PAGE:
Whether its because of persistent merger speculation or because it could set a new model for airline alliances, the looming partnership between United and Continental will be closely watched throughout the industry, the Chicago Tribune reports. The airlines are going beyond what traditional code-share partnerships have done in the past, the paper writes, adding they are “seeking greater breadth and depth than that, taking their code-share arrangement global while working together to cut costs and share ground operations in ways that don’t run afoul of antitrust restrictions.”
The carriers plan a very close link in their operations. That will allow connecting customers to transfer from one airline to the other and putting in place and the airlines also plan reciprocal frequent-flier benefits. They also are considering pooling assets, such as possibly jointly purchasing fuel or, perhaps, jointly running certain operations at some airports. “What we’re doing with Continental is new and going to a place we haven’t gone before with any of our partners,” Michael Whitaker, United’s senior vice president for alliances, international and regulatory affairs, tells the Tribune.
The companies also have asked for broad, worldwide anti-trust immunity that would allow them to coordinate schedules … not only with each other, but also with other Star Alliance members –- such as Lufthansa or Air Canada. Still, the Tribune notes “the end result, linking operations … , won’t be evident until the fourth quarter of 2009. That’s when Continental will formally drop out of SkyTeam, its current marketing alliance, to join United and its Star Alliance partners.” That carriers’ pact also raises the question of just how much scrutiny federal regulators will give this unusually close alliance.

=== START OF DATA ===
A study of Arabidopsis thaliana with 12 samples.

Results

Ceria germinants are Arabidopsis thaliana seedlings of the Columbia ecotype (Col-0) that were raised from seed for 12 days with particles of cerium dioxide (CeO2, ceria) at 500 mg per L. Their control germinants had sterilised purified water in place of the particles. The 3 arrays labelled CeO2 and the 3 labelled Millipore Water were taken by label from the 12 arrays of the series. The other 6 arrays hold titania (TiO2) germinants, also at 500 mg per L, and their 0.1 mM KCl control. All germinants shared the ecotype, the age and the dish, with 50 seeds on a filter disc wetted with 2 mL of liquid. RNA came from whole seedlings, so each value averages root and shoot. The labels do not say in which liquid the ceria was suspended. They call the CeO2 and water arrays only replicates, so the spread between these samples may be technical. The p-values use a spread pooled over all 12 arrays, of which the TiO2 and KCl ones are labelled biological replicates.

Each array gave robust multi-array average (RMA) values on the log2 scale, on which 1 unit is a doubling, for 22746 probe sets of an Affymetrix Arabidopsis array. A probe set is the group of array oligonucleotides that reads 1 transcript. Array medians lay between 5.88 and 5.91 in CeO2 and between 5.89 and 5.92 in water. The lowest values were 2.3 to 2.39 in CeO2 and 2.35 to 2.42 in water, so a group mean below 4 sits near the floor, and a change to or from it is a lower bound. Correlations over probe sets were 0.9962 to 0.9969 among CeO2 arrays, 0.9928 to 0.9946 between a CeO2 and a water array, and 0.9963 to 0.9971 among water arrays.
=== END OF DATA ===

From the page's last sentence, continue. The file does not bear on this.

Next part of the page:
The Tribune also notes the United-Continental pact currently being developed “grew out of failed merger talks.” Could the airlines reconsider that option? Some analysts note that many of the steps that carriers are taking now would be done anyway if they merger. Aviation consultant Robert Mann tells the Tribune: “If the carriers get comfortable over time, who knows what it might lead to? It’s kind of like the dating process.” Still, others point to other factors –- such as difficult financing in the current economy –- as obstacles to any renewed merger talk.
However, if the airlines stick to their current alliance plans, the Tribune says “other Star members are closely watching the work at United and Continental, possibly to use it as a template for closer partnerships. … If Star partners can closely link their technology and operations to seamlessly move passengers among carriers around the world, a tall order, alliances may replace megamergers, said Vaughn Cordle, aviation analyst and a former airline pilot.” He tells the Tribune: “At that point, it becomes irrelevant whose logo is on the plane.”